Yet even if CE-MRI is more sensitive -- particularly in women with dense tissue -- that doesn't mean that it's the best modality to use in every case, wrote a group led by Dr. Nina Pötsch of Medical University of Vienna in Austria. In fact, the study highlights the need for clinicians to keep multiple factors in mind for breast cancer screening.
"The attractiveness of CEM arises mainly from its potential availability," the team noted. "If a modern mammography unit with CEM capability is present, CEM could even be immediately available in the breast unit, avoiding the need for rescheduling patients for CE-MRI of the breast. Our results, however, also suggest that the expected results will provide less diagnostic benefit than CE-MRI."
Mammography is the go-to modality for breast cancer screening, but it has sensitivity limitations in dense tissue. Digital breast tomosynthesis (DBT) and ultrasound are useful adjunct breast screening modalities, but breast MRI -- particularly contrast-enhanced exams -- is the most sensitive imaging tool for women with dense tissue, the authors explained.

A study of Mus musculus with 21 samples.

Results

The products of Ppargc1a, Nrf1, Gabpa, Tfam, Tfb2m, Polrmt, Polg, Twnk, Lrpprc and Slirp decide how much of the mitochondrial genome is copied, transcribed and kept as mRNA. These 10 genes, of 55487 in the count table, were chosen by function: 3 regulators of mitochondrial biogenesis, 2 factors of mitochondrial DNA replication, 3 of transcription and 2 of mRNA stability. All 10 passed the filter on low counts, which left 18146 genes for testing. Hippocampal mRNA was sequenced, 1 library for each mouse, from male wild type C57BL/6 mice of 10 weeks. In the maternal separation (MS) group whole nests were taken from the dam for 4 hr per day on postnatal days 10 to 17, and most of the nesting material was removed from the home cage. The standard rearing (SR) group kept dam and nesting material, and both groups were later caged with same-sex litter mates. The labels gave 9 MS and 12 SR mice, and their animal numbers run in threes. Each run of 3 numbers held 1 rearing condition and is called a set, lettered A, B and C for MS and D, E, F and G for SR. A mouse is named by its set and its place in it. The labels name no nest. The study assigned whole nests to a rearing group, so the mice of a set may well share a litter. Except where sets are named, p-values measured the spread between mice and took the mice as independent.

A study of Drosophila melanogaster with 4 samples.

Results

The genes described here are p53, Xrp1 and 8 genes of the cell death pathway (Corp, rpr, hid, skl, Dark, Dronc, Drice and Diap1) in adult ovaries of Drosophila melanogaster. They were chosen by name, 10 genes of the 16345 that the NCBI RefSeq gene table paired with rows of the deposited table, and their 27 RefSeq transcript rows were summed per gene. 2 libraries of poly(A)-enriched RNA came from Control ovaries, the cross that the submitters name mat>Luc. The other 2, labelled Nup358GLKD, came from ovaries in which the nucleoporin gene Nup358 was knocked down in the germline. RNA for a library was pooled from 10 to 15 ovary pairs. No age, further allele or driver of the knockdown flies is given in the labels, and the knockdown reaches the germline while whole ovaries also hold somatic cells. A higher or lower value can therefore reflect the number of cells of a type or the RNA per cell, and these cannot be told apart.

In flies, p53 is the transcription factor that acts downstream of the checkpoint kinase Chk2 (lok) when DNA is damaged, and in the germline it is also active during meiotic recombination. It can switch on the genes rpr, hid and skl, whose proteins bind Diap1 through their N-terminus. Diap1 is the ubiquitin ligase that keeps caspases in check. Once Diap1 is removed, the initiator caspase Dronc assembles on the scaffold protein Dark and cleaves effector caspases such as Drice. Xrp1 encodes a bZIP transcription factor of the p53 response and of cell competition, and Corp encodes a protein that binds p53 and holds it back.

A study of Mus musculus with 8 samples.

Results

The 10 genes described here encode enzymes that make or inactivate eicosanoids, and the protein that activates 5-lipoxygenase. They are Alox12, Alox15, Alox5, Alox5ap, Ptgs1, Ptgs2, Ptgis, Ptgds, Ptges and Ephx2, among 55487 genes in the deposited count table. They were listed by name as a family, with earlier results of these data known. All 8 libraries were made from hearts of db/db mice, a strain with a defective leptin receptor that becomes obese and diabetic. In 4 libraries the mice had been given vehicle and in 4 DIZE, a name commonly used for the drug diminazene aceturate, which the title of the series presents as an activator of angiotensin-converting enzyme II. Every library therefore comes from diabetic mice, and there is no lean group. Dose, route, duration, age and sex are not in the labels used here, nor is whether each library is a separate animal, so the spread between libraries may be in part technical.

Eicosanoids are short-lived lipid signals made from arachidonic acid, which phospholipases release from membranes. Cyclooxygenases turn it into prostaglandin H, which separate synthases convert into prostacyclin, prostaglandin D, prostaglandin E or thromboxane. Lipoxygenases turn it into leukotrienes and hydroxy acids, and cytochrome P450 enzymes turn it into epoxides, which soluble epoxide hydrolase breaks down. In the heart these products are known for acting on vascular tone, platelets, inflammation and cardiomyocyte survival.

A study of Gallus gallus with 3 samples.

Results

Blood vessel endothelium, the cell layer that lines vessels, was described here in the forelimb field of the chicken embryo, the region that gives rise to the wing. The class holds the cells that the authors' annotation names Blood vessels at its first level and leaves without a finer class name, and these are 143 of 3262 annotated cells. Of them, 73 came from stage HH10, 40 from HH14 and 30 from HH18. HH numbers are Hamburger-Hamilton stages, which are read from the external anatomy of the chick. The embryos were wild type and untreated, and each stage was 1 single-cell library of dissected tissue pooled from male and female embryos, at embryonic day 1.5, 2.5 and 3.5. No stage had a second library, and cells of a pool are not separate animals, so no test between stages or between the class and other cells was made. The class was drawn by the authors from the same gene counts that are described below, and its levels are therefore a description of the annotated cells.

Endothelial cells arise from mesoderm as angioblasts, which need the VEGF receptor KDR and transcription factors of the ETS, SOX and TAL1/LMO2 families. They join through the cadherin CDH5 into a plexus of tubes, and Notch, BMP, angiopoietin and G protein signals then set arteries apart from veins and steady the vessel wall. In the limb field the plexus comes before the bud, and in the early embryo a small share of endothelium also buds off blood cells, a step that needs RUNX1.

The problem is that, compared with mammography, CE-MRI is less available, more expensive, and bothersome for claustrophobic patients. Contrast mammography may be readily available, but it also has disadvantages such as radiation exposure, the need for compression, and use of iodinated contrast agents.
Since direct comparisons between CEM and CE-MRI are lacking, Pötsch and colleagues conducted a literature review to compare the sensitivity, specificity, and negative likelihood ratio of the two techniques (in a negative likelihood ratio measure, values less than one from a negative test indicate that disease is less likely). The review included data from seven studies that investigated 1,137 breast lesions, of which 654 were malignant and 483 were benign.
CE-MRI showed higher sensitivity and a lower negative likelihood ratio, but it had lower specificity than CEM.
|CEM vs. CE-MRI for detecting breast cancer
|Negative likelihood ratio
The question of which modality is better for breast cancer screening remains up for debate, according to the authors.
"It is as yet unclear how clinically relevant the diagnostic performance differences are between CEM and CE-MRI," they wrote. "This calls for further, large-scale, and setting-specific prospective research that will also focus on cost-effectiveness."
In an accompanying editorial, Dr. Ritse Mann, PhD, of Radboud University Medical Center and Dr. Wouter Veldhuis, PhD, of University Medical Center Utrecht, both in the Netherlands, noted that the choice between CEM and CE-MRI may come down to women's preferences.
"CEM relies on x-ray technology and is similar in many ways to traditional mammography ... In comparison, MRI does not use ionizing radiation and obviates breast compression. For many women, these factors may determine their preference more than the diagnostic yield of the techniques," Mann and Veldhuis wrote.